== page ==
The Department of Biodiversity, Conservation and Attractions (DBCA) has three key programs which address the threat of invasive animals, weeds and plant diseases; the invasive animals program, the weeds program and the plant diseases program. Key threats and management programs are listed below.

Invasive animals

The invasive animals program works to inform, educate, manage, and monitor a number of invasive animals, managing Western Shield and the Cane Toad Strategy and working collaboratively with a range of stakeholders including community, Natural Resource Management (NRM) groups and State Government agencies.

Western Shield

Western Shield is DBCA's lead wildlife recovery program and one of the largest wildlife conservation programs in Australia. With a focus on threatened species, it aims to protect priority native animals across DBCA-managed lands and selected adjacent bushland in Western Australia. The program aims to protect and where possible rehabilitate populations and the diversity of native species through targeted fox and cat baiting programs.

Feral Cat Strategy

The Western Australian Feral Cat Strategy 2023-2028 aims to conserve populations of threatened native fauna species through effective, adaptive, and humane actions to control feral cats. Feral cats pose a major and ongoing threat to WA’s biodiversity, including threatened native species. The strategy is backed by a $7.6 million investment through the 2023-24 State Budget, which will enable research programs, conservation projects and landscape-scale management of feral cats in key conservation areas across WA, delivered by DBCA in partnership with non-government organisations and community groups.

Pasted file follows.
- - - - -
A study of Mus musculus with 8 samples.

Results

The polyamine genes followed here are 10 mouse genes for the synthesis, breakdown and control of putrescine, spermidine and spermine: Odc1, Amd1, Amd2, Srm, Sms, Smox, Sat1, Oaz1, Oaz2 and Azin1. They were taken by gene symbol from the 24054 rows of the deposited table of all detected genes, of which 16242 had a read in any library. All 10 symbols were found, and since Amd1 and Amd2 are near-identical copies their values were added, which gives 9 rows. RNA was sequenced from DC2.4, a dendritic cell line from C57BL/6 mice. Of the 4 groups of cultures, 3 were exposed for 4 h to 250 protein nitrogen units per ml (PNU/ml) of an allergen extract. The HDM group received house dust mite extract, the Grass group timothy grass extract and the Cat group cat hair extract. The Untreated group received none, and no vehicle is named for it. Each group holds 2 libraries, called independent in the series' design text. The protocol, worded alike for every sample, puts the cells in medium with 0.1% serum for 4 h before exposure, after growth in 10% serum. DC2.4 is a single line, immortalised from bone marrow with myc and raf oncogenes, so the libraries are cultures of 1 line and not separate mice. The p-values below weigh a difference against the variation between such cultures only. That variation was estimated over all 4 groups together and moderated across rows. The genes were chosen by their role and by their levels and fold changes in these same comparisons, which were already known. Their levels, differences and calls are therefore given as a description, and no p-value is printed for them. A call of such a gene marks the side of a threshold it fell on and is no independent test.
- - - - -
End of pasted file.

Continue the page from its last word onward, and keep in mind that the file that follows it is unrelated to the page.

Cane Toad Strategy

The Cane Toad Strategy for Western Australia aims to mitigate the impact of cane toads, understand the success of management actions, address knowledge gaps, and collaborate to work on new ideas and strategies for broader cane toad management across the State. The cane toad program under the strategy has been successful in partnering with universities, NRM groups and community to deliver a wide range of education and community information as well as implementing strategies to mitigate the impact of cane toads on native species like northern quolls and flood plain goannas through conditioned taste aversion.